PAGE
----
Staff Publications

Staff Publications


    'Staff publications' contains references to publications authored by Wageningen University staff from 1976 onward.

    Publications authored by the staff of the Research Institutes are available from 1995 onwards.

    Full text documents are added when available. The database is updated daily and currently holds about 240,000 items, of which 72,000 in open access.

Title Coupling bioturbation activity to metal (Fe and Mn) profiles in situ
Author(s) Teal, L.R.; Parker, E.R.; Solan, M.
Source Biogeosciences 10 (2013). - ISSN 1726-4170 - p. 2365 - 2378.
DOI https://doi.org/10.5194/bg-10-2365-2013
Department(s) IMARES Vis
Publication type Refereed Article in a scientific journal
Publication year 2013
Keyword(s) organism-sediment relations - marine-sediments - trace-metals - hydraulic activities - nereis-diversicolor - luminophore tracers - porewater advection - community structure - arenicola-marina - spatial scales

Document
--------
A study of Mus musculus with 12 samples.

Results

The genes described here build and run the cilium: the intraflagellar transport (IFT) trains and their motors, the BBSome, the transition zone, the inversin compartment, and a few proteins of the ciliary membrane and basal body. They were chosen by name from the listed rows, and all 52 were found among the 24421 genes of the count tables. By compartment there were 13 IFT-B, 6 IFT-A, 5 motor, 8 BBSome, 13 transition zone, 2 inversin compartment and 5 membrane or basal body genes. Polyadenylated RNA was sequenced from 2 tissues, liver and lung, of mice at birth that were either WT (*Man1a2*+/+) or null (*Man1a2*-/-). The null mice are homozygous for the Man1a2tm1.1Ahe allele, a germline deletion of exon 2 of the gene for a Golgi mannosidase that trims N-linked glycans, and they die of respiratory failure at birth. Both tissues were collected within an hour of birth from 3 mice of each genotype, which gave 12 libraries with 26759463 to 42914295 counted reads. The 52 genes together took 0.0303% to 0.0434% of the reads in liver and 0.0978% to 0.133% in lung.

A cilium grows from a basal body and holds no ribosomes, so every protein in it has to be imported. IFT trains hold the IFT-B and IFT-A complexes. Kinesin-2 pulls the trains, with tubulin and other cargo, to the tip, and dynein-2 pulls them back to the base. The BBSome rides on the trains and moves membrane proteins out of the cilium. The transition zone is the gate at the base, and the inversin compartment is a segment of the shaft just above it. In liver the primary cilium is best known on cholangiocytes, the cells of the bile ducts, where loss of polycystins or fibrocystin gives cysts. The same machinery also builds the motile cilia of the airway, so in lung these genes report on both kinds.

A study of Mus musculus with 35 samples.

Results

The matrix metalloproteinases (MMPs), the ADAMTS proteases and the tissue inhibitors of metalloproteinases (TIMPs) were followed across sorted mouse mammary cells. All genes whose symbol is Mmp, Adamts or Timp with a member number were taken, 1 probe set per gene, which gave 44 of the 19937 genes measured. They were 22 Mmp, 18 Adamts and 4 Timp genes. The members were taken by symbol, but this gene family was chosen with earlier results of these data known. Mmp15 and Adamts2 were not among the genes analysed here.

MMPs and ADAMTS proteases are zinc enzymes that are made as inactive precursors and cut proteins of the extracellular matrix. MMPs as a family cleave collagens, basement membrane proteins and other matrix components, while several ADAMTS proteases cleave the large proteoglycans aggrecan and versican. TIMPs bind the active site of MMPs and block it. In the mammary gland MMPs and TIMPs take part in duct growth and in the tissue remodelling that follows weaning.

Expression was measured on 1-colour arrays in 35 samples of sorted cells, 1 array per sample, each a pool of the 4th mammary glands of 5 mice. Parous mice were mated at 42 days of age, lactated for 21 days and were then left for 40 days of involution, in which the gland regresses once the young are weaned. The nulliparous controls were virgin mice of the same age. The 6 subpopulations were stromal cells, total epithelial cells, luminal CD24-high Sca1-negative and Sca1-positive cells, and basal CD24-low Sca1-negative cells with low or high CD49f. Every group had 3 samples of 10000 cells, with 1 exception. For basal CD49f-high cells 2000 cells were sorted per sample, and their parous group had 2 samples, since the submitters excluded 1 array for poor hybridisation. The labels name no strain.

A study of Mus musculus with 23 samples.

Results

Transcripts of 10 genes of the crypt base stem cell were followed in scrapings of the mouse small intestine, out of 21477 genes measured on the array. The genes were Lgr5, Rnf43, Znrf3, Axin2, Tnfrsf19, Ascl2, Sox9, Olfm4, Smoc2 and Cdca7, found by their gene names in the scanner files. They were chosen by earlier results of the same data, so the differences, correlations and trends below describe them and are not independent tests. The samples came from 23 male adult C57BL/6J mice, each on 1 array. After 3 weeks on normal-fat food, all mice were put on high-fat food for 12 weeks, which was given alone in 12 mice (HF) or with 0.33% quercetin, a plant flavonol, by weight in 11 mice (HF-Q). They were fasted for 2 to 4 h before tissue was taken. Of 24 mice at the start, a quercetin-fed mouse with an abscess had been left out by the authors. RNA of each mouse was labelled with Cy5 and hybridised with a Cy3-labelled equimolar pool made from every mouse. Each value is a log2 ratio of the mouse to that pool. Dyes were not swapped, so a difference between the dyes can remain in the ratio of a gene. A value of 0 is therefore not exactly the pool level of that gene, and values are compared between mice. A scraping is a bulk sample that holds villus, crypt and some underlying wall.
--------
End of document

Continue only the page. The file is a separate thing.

Abstract The relative contributions that species assemblages, abiotic variables, and their interactions with one another make to ecosystem properties are recognised but are seldom considered simultaneously, within context, and at the appropriate spatio-temporal scales. Here, we combine fluorescent time-lapse sediment profile imaging (f-SPI) and diffusion gradient thin gels (DGT) to examine, in situ, the link between an important benthic ecosystem process (bioturbation) and the availability (profiles) of Fe and Mn. Whilst the combination of these methodologies (fg-SPI) was successful in gathering high-resolution in situ data of bioturbation activity and Fe/Mn profiles simultaneously, we show that the mechanistic basis of how the infaunal community mediate Fe and Mn is difficult to reconcile because of the spatio-temporal differences between particle and porewater mixing. This mismatch means that the consideration of these mechanistic processes in isolation is likely to limit our interpretative capacity of how infaunal communities mediate various biogeochemical processes in the natural environment. Moreover, the combination of multiple technologies, process based simulation modelling and generalised additive statistical modelling achieved here, emphasises the importance of simultaneously considering additional factors that influence benthic chemistry, in particular bioirrigation and tidal flushing of the sediment profile. Our findings highlight a pressing need to determine how the relative importance of multiple abiotic and biotic factors act in concert to alter major biogeochemical pathways across a variety of contexts and habitats.